One potentially valuable way of doing this is through e-commerce, or allowing customers to shop for energy products online — from light bulbs to thermostats to cashing in on energy efficiency rebates — directly through the utility.

Simple Energy, a small Colorado-based firm using software to “fundamentally change how energy … and people engage,” offers a variety of platforms for utilities to connect with ratepayers. Last year, it launched Marketplace, which aims to improve upon a staple of utility offerings: the efficiency rebate.

Utilities offer discounts on energy-saving products like LED lights or smart thermostats to encourage ratepayers to reduce energy use, which also helps utilities meet state-level efficiency targets. The challenge is that these discounts have traditionally been offered as post-purchase, mail-in rebates — a type of transaction that has not kept pace with today’s panache for online shopping.

Despite being offered what amounts to free money, consumers rarely take advantage of these kinds of rebates, studies show. Only 7 percent of consumers took advantage of an appliance rebate in the prior year, according to a 2014 study by Nielsen. Participation for other energy-efficient equipment was even lower, at 4 percent.

Simple Energy’s founder and CEO Yoav Lurie says the problem is too much “friction” in the efficiency rebate process. Consumers are used to one-click buying and next-day shipping and are less inclined to put in the effort to collect their discount after the purchase. Simple Energy’s Marketplace platform embeds the rebate at the point of purchase and allows ratepayers to buy the product online through their local utility.

“You’re not filling out another form. You’re not putting anything in the mail. You’re not even entering your account number,” Lurie said. “We’re validating who you are. We’re validating what account you have. We’re validating if that account is still eligible for the rebate, and then delivering that rebate to you in the shopping cart itself on the website. So when you hit ‘checkout’ and you put your credit card in, you’re paying the price, net of the rebate.”

Midwest utilities catching on

ComEd, which serves 3.8 million customers across Northern Illinois, launched its own e-commerce website this week using Simple Energy’s platform. The utility says its Marketplace is a major step forward in building a “Utility of the Future” — “a new kind of utility that delivers not just energy, but serves as a platform to connect its customers with valuable products and services that can increase their comfort, convenience, and control,” the company said in a press release.

Launching at the start of the holiday shopping season, the site helps users find discounts on top of the embedded rebate benefit. For example, a six-pack of 60-watt-equivalent LED light bulbs is on sale for $30, down from $39. Factor in a $24 rebate and the light bulbs would cost a ComEd customer just $1 apiece. All of this is displayed simply on the website, which looks similar to shopping online through most common retailers.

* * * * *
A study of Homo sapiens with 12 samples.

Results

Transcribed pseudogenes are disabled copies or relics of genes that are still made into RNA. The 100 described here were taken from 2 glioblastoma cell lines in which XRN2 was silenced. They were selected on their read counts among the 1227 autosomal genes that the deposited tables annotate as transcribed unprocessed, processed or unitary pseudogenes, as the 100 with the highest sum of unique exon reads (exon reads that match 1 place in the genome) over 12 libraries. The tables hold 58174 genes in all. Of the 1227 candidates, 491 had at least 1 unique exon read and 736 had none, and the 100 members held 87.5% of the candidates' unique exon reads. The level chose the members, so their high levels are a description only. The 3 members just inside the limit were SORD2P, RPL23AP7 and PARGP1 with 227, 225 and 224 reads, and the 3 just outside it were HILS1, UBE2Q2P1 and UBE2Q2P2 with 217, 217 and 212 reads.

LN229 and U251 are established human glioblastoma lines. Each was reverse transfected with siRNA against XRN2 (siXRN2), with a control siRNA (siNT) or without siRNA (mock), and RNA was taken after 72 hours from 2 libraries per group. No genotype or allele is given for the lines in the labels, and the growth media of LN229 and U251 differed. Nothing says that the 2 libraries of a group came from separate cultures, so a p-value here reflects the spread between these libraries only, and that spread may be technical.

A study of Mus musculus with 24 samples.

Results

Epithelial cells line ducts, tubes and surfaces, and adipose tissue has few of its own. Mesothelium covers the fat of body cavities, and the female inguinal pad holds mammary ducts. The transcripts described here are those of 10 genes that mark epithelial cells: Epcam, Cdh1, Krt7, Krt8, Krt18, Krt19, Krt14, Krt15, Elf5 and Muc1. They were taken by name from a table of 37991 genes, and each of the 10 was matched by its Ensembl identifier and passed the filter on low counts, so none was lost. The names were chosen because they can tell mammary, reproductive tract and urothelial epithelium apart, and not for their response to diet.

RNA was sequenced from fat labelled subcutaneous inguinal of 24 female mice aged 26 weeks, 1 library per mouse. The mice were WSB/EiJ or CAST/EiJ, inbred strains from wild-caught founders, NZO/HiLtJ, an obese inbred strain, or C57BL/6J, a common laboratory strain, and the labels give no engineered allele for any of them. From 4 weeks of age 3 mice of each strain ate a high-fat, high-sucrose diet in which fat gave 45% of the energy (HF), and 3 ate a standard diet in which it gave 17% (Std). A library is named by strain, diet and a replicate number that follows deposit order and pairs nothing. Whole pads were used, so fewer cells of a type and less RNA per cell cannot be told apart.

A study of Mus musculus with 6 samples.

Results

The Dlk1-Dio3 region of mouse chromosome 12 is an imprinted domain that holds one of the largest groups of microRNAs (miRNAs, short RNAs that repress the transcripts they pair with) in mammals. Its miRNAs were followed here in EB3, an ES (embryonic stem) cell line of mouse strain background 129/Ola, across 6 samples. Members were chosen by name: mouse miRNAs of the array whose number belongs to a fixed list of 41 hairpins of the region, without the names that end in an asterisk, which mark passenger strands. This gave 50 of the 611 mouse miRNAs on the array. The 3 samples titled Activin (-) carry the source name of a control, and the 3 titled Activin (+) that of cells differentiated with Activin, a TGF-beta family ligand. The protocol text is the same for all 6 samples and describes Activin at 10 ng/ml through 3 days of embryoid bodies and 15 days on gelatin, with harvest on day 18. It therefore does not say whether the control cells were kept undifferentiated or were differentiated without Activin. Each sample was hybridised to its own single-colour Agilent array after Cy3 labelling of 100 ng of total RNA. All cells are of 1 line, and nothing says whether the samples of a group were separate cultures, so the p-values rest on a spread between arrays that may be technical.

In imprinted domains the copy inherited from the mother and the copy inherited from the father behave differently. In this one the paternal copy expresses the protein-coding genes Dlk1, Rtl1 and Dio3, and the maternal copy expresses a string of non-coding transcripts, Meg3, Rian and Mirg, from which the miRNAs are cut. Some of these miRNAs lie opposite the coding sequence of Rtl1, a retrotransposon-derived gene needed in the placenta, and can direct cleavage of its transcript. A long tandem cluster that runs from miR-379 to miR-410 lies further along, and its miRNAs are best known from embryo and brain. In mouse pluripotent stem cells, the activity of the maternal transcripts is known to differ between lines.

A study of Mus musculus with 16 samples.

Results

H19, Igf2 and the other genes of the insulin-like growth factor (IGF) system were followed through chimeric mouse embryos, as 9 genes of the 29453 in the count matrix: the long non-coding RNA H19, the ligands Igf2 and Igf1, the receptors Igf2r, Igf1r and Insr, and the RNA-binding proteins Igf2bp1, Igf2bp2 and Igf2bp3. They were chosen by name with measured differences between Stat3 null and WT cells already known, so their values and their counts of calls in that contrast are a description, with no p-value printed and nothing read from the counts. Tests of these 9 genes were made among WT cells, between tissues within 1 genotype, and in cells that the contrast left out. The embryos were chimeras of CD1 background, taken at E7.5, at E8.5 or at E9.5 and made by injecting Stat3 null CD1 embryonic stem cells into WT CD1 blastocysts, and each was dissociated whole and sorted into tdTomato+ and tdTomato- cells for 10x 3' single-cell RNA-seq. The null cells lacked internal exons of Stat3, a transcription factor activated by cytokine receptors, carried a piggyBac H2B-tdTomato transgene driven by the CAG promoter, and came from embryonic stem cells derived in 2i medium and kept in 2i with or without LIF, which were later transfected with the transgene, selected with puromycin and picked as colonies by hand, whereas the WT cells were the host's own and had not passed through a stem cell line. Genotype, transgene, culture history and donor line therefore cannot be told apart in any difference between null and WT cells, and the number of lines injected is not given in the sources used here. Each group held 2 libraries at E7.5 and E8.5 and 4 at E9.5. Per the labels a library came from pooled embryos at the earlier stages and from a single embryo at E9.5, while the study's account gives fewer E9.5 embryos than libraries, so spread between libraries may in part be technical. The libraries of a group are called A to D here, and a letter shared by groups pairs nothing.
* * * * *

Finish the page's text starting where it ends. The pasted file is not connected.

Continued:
It’s not just light bulbs, either. The ComEd Marketplace offers smart thermostats, energy-saving power strips, low-flow shower heads and other smart-home devices.

“Our goal is to provide a quality, convenient service to our customers that will help them make smart decisions about energy savings for their homes,” Terence R. Donnelly, ComEd’s executive vice president and chief operating officer, said in a statement. “This idea evolved from one of our employee hubs designed to foster innovation and we envision that this platform will enable additional products and services in the future.”

ComEd isn’t alone in rethinking customer engagement for the digital age. Xcel Energy uses the Simple Energy platform to sell products to the utility’s customers in Colorado and Minnesota.

In total, 25 million households in the U.S. have or will soon have access to a Simple Energy-based marketplace through their utility, the company says. Opower and Enervee, two other energy-engagement firms, have teamed up to offer their own variation on an online marketplace, which has been adopted by Consolidated Edison in New York.

‘New Energy Consumer’

These utility efforts are all part of attracting what consulting firm Accenture calls the “New Energy Consumer” — a tech-savvy, active energy customer who demands diverse, individualized, interconnected ways of using and even producing electricity.

“Successful energy providers will be those that understand how and why the new energy consumer requires much more than the traditional utility service model,” reads Accenture’s 2014 report on the subject. “They will also recognize that strategies for interaction, new products and services, or in-home technologies should be integrated.”

Moreover, if consumers invest in these smart, interconnected gadgets now, it opens up options down the road for increased demand-response energy management, time-of-use pricing and other smart-grid applications.

“In order for us to support that environment … and to drive the renewable, distributed future, we need to have controllable assets, storage, intelligent connections between devices, and we can only do that with customer adoption,” Lurie says. “If customers don’t adopt the technology, then that future is not going to happen.”

Note: This story has been updated with more recent data on household access to Simple Energy’s Marketplace offerings.

David started writing for Midwest Energy News in 2016. His work has also appeared in InsideClimate News, The Atlantic, McClatchy DC and other outlets. Previously, he was the energy editor at The Christian Science Monitor in Boston, where he wrote and edited stories about the global energy transition toward cleaner fuels.